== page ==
According to Goggle, whose news pages were inaccessible for a time on Thursday night as news of Jackson’s death broke, the search engine at first interpreted the numerous Jackson queries as an attack on its platform.
When news of the iconic performer’s death began trickling out, scores of people turned to the Web for news.
The massive level of interest caused the site to temporarily go down but that did not stop the news spreading via blogs and social networking sites.
Speaking to Channel Web, R.J. Pittman, director of product management for Google, said “The spike in searches related to Michael Jackson was so big that Google News initially mistook it for an automated attack.”
“As a result, for about 25 minutes yesterday, when some people searched Google News they saw a ‘We’re sorry’ page before finding the articles they were looking for.”
Channel Web said Both Google and Yahoo, the No. 1 and No. 2 search engines in North America confirmed record-breaking search traffic following the Jackson news.
Google reported an unprecedented number of mobile searches, with five of its top 20 searches having to do with Michael Jackson. And Yahoo, in a blog post, confirmed that a story on Yahoo.com about Jackson being rushed to the hospital notched 800,000 hits inside of 10 minutes, with another story confirming the pop icon’s death reaching 560,000 hits in 10 minutes.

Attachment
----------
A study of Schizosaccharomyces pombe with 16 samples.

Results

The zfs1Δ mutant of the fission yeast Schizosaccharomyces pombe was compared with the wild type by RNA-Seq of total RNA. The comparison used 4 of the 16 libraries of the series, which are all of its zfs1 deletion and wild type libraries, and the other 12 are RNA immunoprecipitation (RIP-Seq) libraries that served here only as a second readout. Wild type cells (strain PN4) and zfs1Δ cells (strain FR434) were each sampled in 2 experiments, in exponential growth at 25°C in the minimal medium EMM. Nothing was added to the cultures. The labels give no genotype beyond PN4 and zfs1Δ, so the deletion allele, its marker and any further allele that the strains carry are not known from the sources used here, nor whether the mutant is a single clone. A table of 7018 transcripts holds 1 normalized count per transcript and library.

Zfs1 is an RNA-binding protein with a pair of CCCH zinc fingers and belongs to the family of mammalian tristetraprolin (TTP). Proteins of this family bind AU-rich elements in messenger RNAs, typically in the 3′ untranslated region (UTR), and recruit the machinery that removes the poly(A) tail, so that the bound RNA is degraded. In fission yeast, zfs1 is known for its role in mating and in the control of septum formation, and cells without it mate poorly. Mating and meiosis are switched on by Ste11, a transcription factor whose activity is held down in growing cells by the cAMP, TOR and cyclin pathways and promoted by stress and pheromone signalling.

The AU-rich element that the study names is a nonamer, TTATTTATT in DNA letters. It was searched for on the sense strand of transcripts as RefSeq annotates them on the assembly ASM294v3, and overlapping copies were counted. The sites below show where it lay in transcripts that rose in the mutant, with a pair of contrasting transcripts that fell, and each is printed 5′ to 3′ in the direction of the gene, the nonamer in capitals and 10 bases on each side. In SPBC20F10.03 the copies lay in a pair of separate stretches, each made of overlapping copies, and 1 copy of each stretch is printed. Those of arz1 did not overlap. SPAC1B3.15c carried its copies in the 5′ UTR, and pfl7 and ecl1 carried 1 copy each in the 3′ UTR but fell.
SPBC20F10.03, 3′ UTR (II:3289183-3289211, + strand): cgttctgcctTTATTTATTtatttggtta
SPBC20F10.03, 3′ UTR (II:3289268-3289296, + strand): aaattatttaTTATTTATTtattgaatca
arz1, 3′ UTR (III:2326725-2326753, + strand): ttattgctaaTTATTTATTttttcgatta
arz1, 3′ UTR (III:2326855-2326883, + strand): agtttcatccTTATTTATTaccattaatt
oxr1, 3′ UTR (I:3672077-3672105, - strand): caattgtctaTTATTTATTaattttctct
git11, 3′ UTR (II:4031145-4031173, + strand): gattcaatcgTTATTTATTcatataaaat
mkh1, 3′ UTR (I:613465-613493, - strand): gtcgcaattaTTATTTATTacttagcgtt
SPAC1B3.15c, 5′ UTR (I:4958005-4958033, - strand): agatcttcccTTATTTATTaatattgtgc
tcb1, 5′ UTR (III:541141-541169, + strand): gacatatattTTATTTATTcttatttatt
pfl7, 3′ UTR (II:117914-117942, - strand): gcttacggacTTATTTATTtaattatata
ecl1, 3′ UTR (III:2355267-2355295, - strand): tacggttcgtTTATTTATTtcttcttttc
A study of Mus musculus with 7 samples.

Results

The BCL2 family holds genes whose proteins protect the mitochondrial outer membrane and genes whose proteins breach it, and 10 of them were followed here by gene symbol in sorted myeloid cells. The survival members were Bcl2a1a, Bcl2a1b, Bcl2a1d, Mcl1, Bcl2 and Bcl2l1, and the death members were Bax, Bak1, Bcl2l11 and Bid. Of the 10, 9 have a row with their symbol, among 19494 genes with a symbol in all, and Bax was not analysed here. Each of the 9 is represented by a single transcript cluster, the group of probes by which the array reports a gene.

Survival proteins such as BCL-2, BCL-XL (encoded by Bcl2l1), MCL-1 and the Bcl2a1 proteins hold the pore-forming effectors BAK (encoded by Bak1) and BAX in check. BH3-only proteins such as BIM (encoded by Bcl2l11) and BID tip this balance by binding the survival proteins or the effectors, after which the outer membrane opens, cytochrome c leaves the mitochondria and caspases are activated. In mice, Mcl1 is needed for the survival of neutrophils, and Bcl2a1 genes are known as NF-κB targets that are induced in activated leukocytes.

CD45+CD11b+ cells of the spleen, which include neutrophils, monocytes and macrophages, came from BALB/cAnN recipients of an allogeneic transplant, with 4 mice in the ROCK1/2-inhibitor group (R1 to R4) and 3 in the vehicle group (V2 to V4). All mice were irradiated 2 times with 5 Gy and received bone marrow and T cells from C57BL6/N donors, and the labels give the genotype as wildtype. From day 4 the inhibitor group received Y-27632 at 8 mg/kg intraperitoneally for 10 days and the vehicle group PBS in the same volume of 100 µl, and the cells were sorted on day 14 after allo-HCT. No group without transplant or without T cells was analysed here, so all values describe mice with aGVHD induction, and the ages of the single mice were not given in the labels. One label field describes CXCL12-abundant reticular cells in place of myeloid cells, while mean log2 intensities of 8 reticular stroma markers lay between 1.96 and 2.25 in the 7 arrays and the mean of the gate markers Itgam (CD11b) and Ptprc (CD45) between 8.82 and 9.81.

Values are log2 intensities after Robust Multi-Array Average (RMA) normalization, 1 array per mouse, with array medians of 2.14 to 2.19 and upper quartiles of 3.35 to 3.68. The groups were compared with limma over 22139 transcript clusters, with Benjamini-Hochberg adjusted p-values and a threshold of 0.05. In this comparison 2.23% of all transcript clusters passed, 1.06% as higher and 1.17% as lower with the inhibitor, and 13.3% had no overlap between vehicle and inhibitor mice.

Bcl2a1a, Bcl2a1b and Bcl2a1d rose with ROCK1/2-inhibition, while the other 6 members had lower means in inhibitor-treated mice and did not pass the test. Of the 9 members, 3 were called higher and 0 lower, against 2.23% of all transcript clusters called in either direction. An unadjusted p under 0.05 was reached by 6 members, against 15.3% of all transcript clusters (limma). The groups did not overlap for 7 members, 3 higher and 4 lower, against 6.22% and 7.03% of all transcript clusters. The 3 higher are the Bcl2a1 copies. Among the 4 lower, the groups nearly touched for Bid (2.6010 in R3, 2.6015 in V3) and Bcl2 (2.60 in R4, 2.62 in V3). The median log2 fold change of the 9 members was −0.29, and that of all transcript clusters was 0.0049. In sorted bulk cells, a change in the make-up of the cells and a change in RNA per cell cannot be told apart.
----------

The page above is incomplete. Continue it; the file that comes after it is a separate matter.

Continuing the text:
Google spokesman Gabriel Stricker, told BBC News online: “It’s true that between approximately 2.40pm Pacific and 3.15pm Pacific, some Google News users experienced difficulty accessing search results for queries related to Michael Jackson and saw the error page.”
It was around this time that the singer was officially pronounced dead.
Tech radar said Google had trouble recognising the sudden traffic surge for what it was and Google News was so overwhelmed that the engine mistakenly identified the influx as an automated attack, resulting in the standard error page it returns when it believes it is under attack.